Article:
Bocock Fellowship Recipients Explore Careers in Public Service


Fred Hitz began teaching at the Batten School soon after it was founded, inspiring many students with lessons from his own career in public service. A graduate of Princeton University and Harvard Law School, Hitz served with the CIA as part of the Clandestine Service in Africa and later as legislative counsel to the director of Central Intelligence. Hitz was also the first statutory Inspector General of the CIA, appointed by President George H.W. Bush. Earlier in his career, he acted in congressional liaison capacities with the state, defense, and energy departments.

“As a life-long public servant with the Central Intelligence Agency, Fred understands the importance of cultivating future leaders for critical roles within our Federal, state, and local governments,” said Steven Hiss, director of career services and alumni engagement at Batten. “On behalf of the Batten School, I want to thank Fred and Mary Buford Hitz for sponsoring the Bocock Fellows each summer.”

Candidates in undergraduate and graduate Batten School programs are invited to apply for the Bocock Fellowship, and applicants must articulate both a demonstrated record of public service and a genuine desire to use their degrees in a future position of government service in the United States, whether at the local, state, or federal level. 

Fellowship recipients gain vital experience that they might lack access to otherwise. “These fellowships support students who want to devote their time to really important public service work that is otherwise not supported financially,” said fellowship recipient Jordan Sicklick. “They reaffirm Batten’s commitment to developing the public servants of the future by giving them the support and stability to reach their goals.”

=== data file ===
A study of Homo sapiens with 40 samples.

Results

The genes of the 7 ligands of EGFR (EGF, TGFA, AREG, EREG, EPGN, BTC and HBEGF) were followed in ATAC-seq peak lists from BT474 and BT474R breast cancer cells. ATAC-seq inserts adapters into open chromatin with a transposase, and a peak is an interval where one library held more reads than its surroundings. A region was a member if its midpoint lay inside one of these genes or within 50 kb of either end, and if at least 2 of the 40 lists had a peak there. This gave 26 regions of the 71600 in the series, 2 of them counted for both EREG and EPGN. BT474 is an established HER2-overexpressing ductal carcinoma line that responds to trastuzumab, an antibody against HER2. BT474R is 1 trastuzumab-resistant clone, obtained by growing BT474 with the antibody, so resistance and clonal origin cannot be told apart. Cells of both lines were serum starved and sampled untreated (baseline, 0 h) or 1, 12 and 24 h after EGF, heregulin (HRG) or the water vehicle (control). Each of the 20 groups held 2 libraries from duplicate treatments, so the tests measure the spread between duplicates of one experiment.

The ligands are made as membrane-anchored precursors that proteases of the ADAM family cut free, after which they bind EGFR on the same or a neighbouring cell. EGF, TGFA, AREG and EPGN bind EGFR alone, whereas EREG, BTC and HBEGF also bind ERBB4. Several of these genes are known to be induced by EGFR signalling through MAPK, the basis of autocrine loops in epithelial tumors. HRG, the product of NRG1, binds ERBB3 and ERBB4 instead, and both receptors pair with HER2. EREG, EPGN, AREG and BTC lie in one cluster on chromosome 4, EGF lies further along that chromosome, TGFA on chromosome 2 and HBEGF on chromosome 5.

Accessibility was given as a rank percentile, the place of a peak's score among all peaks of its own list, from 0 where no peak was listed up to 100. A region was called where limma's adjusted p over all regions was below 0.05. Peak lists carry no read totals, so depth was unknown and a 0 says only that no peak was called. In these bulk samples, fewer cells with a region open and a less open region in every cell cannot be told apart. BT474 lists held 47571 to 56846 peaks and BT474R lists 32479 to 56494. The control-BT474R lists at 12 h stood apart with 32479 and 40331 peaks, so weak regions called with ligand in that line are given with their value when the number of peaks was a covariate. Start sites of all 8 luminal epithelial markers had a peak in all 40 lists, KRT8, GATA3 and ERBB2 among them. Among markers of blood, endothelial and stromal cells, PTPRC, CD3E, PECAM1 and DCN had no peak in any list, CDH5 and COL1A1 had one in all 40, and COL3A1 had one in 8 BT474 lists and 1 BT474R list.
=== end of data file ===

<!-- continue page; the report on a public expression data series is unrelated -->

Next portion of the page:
The 2020-21 Bocock Fellowship recipients and their summer internships were as follows.

  • Kia Azadbakht (BA ‘21) interned in Senator Mark Warner’s office in Washington, DC.
  • Ian Baxter (MPP ‘21) served with the Thomas Jefferson Planning District Commission.
  • Morgan Bedford (MPP ‘21) worked for the U.S. Embassy in Yemen.
  • Margaret Servais (MPP ‘21) worked with the U.S. Trade & Development Agency.
  • Jordan Sicklick (MPP ‘21) served in the U.S. Department of Justice.
  • Landon Webber (MPP ‘21) interned with the Brookings Institution.

For many Bocock Fellows, like Kia Azadbakht, their internship experiences are both affirming and transformative. “After the internship, I’m more motivated to get involved in the public sector and begin contributing to effective policymaking,” Azadbakht said. “It reinforced my belief that a career on Capitol Hill is a truly unique way to impact the lives of millions of people for the better.”